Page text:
Margin lending hits all time high

by Wayne Ferbert on May 28th, 2013


The New York Stock Exchange announced last week that the total amount of margin lending in investor portfolios hit an all time high in April. The level was $384 billion - which exceeds the record set in June 2007.

Let's examine this statistic and what it means. A few observations:

The Buy and Hedge investor already knows that if he wants leverage, he can achieve it using options to a much more effective outcome. You can use ITM options with a lower cost and have a built in floor in your portfolio. And you know your broker won't be selling you out in the event of a market decline. 

Given the increased adoption of options and the manner in which options influence equity markets, you can expect that the real leverage in the market is even higher than the June 2007 levels. Retail investors are using them much more smartly to control a higher notional value of stocks.

The last time the margin lending was this high was June 2007 and the market peaked in the Fall of 2007. Just remember that timing. While this kind of margin lending is considered bullish, remember that the last time it reached this level, the market peaked within 6 months.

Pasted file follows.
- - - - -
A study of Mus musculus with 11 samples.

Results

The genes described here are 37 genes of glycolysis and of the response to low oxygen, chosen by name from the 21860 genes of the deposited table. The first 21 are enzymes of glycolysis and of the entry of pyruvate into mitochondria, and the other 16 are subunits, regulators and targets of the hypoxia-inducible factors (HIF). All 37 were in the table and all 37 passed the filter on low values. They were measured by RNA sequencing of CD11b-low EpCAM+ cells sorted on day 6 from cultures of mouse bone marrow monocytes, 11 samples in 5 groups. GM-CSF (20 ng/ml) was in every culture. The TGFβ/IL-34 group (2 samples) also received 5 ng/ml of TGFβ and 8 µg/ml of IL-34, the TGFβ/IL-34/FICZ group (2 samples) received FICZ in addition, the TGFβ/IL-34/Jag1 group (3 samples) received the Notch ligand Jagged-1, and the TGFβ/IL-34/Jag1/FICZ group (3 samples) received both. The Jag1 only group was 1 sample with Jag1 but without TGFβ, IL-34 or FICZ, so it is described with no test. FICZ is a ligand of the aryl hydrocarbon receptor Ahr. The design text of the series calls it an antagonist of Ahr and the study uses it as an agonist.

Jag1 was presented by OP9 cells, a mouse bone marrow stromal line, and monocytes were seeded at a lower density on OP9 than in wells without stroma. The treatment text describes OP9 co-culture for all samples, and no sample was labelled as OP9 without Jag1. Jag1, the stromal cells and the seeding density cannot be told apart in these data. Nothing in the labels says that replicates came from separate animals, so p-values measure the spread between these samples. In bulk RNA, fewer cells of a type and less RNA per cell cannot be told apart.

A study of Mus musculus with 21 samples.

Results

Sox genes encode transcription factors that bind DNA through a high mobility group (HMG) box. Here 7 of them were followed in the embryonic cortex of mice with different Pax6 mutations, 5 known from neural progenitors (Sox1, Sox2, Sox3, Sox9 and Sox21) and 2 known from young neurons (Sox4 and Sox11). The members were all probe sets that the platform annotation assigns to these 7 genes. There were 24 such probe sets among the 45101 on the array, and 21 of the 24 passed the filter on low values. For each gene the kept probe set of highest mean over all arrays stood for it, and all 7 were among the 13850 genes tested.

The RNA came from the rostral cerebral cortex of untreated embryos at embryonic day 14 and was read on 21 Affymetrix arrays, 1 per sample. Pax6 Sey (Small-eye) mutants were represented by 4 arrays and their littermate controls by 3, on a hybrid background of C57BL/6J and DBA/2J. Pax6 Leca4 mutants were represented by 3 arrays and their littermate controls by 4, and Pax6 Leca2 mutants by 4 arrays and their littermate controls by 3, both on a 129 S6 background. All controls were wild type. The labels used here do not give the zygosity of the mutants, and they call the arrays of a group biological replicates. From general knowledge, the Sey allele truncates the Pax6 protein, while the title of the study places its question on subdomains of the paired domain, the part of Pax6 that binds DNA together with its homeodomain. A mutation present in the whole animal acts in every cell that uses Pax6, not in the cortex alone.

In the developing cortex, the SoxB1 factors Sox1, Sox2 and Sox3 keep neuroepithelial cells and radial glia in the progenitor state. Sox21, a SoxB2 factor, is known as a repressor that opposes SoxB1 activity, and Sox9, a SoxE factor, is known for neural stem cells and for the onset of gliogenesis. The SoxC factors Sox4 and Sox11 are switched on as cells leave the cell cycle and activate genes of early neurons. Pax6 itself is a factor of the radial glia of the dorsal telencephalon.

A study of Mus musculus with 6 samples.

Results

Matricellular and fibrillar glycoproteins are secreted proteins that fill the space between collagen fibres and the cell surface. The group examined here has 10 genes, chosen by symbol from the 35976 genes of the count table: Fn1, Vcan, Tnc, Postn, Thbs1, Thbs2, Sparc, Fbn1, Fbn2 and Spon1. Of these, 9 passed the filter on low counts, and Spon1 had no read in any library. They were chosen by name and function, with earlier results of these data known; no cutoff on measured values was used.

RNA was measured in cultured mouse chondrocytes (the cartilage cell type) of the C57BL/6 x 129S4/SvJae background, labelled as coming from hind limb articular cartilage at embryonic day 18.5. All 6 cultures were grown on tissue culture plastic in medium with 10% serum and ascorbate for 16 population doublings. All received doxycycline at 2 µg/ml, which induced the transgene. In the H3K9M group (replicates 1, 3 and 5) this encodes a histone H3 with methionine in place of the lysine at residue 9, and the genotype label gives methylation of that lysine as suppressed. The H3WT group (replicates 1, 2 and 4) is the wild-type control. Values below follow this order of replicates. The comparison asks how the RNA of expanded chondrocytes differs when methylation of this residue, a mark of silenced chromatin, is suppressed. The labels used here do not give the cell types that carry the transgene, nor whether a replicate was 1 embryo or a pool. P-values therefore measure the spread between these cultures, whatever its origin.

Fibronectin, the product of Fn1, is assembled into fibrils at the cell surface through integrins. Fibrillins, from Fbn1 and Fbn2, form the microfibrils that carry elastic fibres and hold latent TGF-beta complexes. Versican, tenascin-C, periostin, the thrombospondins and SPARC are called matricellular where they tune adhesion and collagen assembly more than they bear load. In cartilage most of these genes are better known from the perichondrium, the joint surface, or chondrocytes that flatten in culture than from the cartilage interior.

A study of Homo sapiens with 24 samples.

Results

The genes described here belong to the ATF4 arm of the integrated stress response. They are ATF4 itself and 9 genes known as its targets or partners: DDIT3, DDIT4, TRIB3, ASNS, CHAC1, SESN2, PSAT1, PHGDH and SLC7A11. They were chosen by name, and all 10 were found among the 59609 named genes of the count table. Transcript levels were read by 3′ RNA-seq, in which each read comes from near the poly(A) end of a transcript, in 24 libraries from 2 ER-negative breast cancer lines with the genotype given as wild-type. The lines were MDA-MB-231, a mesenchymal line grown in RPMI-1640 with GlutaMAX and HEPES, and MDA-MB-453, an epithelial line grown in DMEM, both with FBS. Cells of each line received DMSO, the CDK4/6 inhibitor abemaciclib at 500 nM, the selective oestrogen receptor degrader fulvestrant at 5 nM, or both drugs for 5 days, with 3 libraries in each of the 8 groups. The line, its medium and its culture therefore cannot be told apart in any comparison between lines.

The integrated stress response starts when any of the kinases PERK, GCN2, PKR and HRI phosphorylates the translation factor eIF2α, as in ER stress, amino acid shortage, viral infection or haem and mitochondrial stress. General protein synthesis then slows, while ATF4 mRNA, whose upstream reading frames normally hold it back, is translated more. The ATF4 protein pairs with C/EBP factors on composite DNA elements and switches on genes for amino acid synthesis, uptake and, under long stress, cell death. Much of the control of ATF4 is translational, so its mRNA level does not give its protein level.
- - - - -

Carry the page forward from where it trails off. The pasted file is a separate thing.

Lastly, lets remember the whiplash effect that margin lending can have. Wen margin lending is high and the market gaps down for any reason, the pressure to sell is magnified. Remember that the investors with margin lending need to sell out to avoid the wipe out scenario. This puts even more selling pressure on the market. 

Remember that as the market potentially corrects in the next couple of months, other investors will be looking to exit positions and save their portfolio. Heck, his broker might even sell him out of some positions to cover a margin call. Any market correction could get worse in that event. 




joe - June 20th, 2013 at 11:25 AM
You can't use options to capture interest rate and dividends. For example, I might be using margin to purchase muni bonds and collecting the spread or buying high dividend stocks for the dividend yield spread and not for appreciation. Margin this time around was to collect interest/dividend yield spread. With margin rates under 1% at places like Interactive Brokers it has been easy money. Now it is unwinding. Please provide an update as margin decreases here in June.
The Author - June 24th, 2013 at 5:44 PM
You do not get an interest or dividend payment for owning an option - but ATM and ITM puts contain the discounted value of the future dividends in the price of the put. So, you can build strategies to effectively 'capture' the dividend payment of an ETF or stock.